Calls for wholesale reform to Ontario education have begun and include revamping all kindergarten-to-Grade-12 curricula and a ‘back-to-the-basics’ approach to reading and math.
These have merit and are worth considering. But first, we need to recognize and address the basic structural failures and philosophical assumptions of current education policy. Without that step, we’ll just be slapping a Band-Aid on a broken bone.
Cardus has published an assessment of school closure policy that addresses these problems. It also considers why, overall, Ontario independent schools seem to have fared better in responding to school closures. We pose three questions to consider:
- Should in-person learning be designated an essential service?
- How can the voices of parents and guardians be more meaningfully included in decision-making?
- Should we move toward a more human-scale form of educational decision-making and governance?
The first question is really a call to consider whether any component of education is essential. Throughout the pandemic, the federal government maintained a list of services it deemed essential to the functioning of society that were approved to stay open – grocery stores and food manufacturing, for example.
Education never made the list, despite increasing calls to consider it an essential service and public commitments that schools should be “the last to close and the first to open.”
While formal designation as an essential service may be challenging to apply to education, it’s high time Ontarians considered whether essential qualities to education exist. If they do, the province needs to prioritize its students with a bill that reinforces in-person learning in the legislature.
Our second question deals with the inclusion of parents and guardians as key partners in their children’s education. Throughout the pandemic, parents were subjected to last-minute decision-making and poor communication from the province and school boards alike.
By contrast, recent polling indicates parents of independent-school students are more likely to demonstrate satisfaction with pandemic learning than their counterparts in government-run public schools. They’re also less likely to be worried about their children’s academic progress throughout the pandemic.
What’s at the root of these results?
Independent schools are an excellent case study in demonstrating how to engage parents in a robust partnership. Many independent schools are parent-initiated, born out of a desire for educational environments that are safe and nurturing for their children. As a result, these schools incorporate parents as critical stakeholders in educational decision-making. Educators often recognize parental expertise as a resource to tailor learning to each student’s needs. Every Ontario student deserves this.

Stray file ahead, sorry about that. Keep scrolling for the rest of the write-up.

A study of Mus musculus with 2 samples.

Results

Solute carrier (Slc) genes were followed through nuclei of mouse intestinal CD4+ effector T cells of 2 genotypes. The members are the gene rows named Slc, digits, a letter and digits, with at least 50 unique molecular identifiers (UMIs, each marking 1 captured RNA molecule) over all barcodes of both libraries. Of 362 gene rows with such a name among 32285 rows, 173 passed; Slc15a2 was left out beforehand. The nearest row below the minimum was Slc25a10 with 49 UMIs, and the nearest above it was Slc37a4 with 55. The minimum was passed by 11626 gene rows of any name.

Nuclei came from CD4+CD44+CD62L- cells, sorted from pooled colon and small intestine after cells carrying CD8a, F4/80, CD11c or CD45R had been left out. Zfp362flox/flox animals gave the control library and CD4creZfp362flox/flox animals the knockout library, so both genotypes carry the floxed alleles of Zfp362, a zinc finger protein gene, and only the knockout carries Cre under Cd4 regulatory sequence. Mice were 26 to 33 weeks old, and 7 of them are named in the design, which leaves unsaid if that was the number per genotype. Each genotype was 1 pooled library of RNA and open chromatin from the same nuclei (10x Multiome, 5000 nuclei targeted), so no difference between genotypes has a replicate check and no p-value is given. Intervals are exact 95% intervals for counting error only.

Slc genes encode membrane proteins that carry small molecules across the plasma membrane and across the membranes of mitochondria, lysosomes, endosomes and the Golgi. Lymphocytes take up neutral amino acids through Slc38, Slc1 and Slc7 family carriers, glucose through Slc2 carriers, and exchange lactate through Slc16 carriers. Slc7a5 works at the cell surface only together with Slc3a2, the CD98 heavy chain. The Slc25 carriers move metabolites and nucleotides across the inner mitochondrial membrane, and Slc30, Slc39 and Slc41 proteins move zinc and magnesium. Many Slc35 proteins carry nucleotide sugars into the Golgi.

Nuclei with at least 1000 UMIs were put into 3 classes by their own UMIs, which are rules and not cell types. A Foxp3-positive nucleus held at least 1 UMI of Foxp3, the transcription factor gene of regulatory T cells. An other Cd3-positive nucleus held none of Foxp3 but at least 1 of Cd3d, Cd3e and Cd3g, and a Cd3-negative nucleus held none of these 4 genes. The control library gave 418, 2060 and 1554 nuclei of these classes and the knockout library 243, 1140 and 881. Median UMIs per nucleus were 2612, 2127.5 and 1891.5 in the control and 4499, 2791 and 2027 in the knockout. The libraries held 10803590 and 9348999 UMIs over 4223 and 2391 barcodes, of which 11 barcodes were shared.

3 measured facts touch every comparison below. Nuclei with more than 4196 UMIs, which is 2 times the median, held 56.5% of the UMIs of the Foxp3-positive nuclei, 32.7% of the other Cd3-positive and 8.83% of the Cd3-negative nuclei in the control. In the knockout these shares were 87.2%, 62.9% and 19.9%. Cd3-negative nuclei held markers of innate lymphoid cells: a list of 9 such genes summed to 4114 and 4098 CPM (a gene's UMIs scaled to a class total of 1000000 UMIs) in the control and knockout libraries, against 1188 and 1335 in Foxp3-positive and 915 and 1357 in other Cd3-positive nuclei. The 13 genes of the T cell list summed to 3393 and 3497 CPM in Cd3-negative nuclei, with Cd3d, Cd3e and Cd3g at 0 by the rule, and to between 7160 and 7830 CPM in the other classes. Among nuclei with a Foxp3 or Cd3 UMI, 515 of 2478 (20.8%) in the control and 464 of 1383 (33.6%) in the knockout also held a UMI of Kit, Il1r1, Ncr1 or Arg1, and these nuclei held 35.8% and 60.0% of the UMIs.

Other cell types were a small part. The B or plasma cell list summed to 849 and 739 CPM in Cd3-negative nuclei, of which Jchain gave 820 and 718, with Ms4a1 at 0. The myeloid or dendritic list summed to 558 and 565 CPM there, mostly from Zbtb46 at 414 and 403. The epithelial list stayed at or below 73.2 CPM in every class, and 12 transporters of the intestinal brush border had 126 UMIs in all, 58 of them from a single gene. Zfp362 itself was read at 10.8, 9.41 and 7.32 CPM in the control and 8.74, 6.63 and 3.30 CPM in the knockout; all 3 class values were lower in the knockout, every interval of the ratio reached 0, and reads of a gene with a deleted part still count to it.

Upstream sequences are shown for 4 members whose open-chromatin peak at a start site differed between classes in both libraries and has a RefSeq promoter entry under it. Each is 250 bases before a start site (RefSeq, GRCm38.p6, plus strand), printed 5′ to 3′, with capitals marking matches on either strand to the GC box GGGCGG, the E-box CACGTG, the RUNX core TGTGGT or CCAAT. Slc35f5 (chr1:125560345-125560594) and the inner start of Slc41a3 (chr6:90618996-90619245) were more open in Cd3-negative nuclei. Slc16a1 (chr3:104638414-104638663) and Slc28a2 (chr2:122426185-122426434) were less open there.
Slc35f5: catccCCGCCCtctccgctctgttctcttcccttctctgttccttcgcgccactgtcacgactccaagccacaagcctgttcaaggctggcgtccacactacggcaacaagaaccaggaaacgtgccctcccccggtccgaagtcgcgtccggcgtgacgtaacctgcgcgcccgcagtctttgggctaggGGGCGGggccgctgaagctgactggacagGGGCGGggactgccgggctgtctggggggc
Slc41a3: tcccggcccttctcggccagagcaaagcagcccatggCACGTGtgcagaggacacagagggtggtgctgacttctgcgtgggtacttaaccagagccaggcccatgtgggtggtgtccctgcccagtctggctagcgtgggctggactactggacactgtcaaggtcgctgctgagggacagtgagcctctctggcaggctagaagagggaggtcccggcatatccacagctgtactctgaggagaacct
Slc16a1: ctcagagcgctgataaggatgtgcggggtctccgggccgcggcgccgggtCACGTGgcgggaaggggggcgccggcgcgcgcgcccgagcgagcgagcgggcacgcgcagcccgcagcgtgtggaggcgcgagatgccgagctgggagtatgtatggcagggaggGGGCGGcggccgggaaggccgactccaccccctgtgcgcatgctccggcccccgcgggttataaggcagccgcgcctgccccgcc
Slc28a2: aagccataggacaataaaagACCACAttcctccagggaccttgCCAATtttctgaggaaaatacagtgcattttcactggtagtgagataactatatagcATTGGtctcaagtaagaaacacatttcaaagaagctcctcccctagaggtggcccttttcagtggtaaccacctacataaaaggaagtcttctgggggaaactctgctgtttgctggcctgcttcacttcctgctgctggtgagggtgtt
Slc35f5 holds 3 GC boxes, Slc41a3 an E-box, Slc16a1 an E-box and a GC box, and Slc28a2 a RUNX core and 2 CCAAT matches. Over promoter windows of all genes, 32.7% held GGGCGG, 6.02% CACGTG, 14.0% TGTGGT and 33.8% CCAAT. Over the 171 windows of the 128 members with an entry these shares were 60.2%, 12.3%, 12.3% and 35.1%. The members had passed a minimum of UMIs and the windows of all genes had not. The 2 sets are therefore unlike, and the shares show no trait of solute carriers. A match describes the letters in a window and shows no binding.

The third question regards the necessity of a return to a more human-scale form of educational decision-making and governance. Over the past 25 years, Ontarians have watched successive governments centralize education decision-making in the name of efficiency, consolidating school boards and transferring decision-making power away from local school communities.
In contrast, most independent schools are small-scale community initiatives, prioritizing relationships and local decision-making. These are features of independent schools that all Ontario students deserve to benefit from.
The success of independent schools throughout pandemic learning and school closure is directly related to these features. The structural lack of these features has arguably weakened the quality and effectiveness of Ontario’s government-run public school system.
The possibilities are endless. Local schools could galvanize communities to engage in recovery efforts for their children: funding subsidies to engage local tutoring services, creating community engagement plans to understand local student needs, to welcome volunteers, access mental health services, create educational opportunities, and provide space for connection and relationship.
What could happen if public funding provided real opportunity for parents, community organizations, health care workers, educators and school leaders to sit around a table and commit to their youth?
It could transform lives.
Let’s not tinker at the edges. Instead, Ontario should assess its educational failures during the pandemic and innovate a new way forward.
Joanna DeJong VanHof is a researcher with Cardus and holds a master’s of Education in Educational Leadership and Policy from the Ontario Institute of Studies in Education. Cardus is a non-partisan think-tank dedicated to clarifying and strengthening, through research and dialogue, the ways in which society’s institutions can work together for the common good.